Whether you're in pain, recovering from an injury or simply someone looking to maintain and prolong an active lifestyle, your choice in footwear can make all the difference.
There are a few common features of what makes a good shoe - BUT- this isn't a black and white issue as different conditions and different activities may require a variation on these general guidelines.
The main features to test when choosing an everyday supportive shoe are:
1. The HEEL CUP - squeeze the heel cup or counter that sits at the back of the shoe. It should be strong and deep enough to accommodate an orthotic if required.
2. The WIDTH of the SOLE - soles that are narrower than the upper of the shoe - or narrower than the width of your foot - do not make for a stable base. Think of the sole like a house foundation. It needs to be as wide as the house to provide adequate support - especially in the arch area if you are injured.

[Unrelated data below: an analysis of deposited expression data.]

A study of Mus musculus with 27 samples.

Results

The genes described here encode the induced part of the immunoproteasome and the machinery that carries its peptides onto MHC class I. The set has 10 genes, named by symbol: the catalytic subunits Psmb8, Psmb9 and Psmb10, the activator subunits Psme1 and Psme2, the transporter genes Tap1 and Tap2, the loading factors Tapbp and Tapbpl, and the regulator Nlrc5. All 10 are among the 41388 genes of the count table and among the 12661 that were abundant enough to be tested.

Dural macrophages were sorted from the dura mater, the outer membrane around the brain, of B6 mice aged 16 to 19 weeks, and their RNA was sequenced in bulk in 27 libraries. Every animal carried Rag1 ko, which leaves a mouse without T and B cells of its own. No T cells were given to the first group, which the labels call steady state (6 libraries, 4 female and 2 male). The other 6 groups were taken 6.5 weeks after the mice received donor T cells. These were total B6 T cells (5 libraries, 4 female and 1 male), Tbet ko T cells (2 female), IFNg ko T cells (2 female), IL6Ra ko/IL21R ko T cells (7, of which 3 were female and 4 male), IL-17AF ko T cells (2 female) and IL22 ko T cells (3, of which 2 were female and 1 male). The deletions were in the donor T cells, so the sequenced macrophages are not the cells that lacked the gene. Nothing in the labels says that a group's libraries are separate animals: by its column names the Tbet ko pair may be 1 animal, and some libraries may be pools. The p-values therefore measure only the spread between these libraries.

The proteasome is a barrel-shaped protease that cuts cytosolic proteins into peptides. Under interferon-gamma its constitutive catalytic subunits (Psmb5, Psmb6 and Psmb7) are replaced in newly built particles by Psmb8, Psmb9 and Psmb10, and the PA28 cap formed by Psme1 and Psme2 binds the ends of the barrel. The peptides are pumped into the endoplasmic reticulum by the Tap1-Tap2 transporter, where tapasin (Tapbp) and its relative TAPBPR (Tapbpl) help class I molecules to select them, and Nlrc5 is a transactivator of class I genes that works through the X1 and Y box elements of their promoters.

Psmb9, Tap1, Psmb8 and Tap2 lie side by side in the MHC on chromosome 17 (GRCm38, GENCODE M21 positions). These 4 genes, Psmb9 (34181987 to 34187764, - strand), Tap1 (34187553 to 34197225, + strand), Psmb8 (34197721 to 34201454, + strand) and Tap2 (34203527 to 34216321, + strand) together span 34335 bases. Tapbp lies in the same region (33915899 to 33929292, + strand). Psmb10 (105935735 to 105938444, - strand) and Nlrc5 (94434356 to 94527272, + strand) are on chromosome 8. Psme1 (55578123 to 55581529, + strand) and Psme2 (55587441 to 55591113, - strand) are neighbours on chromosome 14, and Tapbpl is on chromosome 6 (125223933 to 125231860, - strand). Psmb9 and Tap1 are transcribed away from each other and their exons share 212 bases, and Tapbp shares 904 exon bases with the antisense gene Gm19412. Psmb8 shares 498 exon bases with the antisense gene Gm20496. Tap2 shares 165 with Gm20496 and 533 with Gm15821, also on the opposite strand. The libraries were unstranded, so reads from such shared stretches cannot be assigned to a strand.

3. Does it have a SHANK or CARBON PLATE ? - The shoe should NOT flex in the middle or arch of the shoe. If the shoe bends here, it can increase the stress on the middle of the foot.
4. MIDSOLE DENSITY - this is how hard the middle thicker part of the sole is. For most conditions it shouldn't be too soft. If you have problems with balance or are injured, the firmer the better is a good rule.
5. FOREFOOT FLEX - the shoe should bend easily where your toes bend. A small curve at the toe can also help roll-off.
Injured? Super charge your recovery with additional supportive features....
If you have had or are recovering from a foot &/or ankle problem, or need additional support to improve your function overall, you may benefit from shoes with specific features - which can vary depending on your condition.
Your podiatrist may recommend features different to these as a shoe is the quickest and simplest way to change the stress and strain on your feet. The right shoe can be a great medicine and the wrong shoe a poison!